Tuesday, September 22, 2015

Engaging your middle school audience through PBL


It is that time of the year where I am asked to teach a concept that does not readily engage my middle schoolers. Don't get me wrong, I know that there are many connections to be made, and real-world applications to be discovered. However no amount of me talking about it, having them create catchy posters or even building models (edible or otherwise) has ever been very successful in my book when we are supposed to be able to describe the function of a cell as a whole and ways part of cells contribute to their function (MS-LS1-2). The dreaded Cells and Organelles Unit is upon us.

As I once again began my search for a different approach for teaching this, I stumbled upon this post from Plant Cell Biology, which led me through the rabbit hole of Mr. Graba's work with  high school freshmen, and figured "OK, I can adapt that cell electoral campaign idea."

The premise: The nucleus has to resign, leaving a power void in the cell. A special election is being held to elect a new leader for the cell.

What the students had to do:

1. Develop a series of electoral posters describing the role of each organelle.
 

Pretty much a tired old cell project, but OK. The students plastered my classroom walls with these.






2. Develop a political advertisement for their organelle. This is already rather cool, as they really took to the "meat" of the concepts.



3. As students were getting into the previous components, they also had to create and respond to a smear campaign against their opposition. This is what really got them going, and probably what improved the quality and depth of the final work overall.
 

 


Not only were they "smearing" the other candidates, they added all this evidence for their ideas. This also ended up helping students learn about other organelles, and not just about the one they had been assigned. When they started telling each other to "read the resource closely" and "I have to get home early so that I can do some more research to be able to respond to that", my heart actually sang for joy!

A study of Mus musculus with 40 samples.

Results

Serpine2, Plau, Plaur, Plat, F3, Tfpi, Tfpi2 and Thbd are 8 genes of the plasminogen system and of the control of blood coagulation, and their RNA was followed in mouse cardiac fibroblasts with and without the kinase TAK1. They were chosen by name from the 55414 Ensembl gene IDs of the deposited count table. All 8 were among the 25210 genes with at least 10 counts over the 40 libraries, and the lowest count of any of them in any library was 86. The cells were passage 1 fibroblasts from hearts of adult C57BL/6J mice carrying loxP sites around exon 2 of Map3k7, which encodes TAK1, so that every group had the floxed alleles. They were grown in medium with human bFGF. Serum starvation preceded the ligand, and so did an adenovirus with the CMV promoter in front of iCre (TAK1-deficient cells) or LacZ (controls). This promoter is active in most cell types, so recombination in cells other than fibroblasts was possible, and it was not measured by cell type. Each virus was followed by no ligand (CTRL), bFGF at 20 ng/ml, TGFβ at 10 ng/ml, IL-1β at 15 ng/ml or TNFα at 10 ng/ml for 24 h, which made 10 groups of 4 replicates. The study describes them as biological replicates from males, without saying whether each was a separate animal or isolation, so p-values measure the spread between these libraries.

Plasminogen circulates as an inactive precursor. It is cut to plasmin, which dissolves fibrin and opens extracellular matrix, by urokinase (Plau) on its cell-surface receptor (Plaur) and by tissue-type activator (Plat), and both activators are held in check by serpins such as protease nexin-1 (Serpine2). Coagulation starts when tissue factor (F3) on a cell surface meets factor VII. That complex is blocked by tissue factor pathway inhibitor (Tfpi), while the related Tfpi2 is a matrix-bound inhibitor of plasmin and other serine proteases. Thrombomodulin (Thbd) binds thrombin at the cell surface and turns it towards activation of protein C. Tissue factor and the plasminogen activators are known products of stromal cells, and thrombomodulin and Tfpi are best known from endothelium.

As an added benefit to this project, the students also learned about how to structure an electoral campaign. At the beginning of the project, questions flew about just what would go in the posters vs. the video vs. the "smears". Instead of me giving an answer, I told them to go ahead and research different campaigns and determine what had made them "successful". They requested conferences and support with their social studies teacher, just because they wanted to win this election. I am still confounded by this turn of events, but hey, why would I stand against students taking full ownership!

As we come to the end of this project, I am left with one question that perhaps you will help me answer. I cannot assign another electoral campaign to this group. Do you have any ideas about how to spark this level of interest?


If you are interested in running this project, you can find the website I shared with the students  at:
https://spotlight.edmodo.com/product/organelle-wars,369007/. For other PBL projects, check out the PBL page in this blog.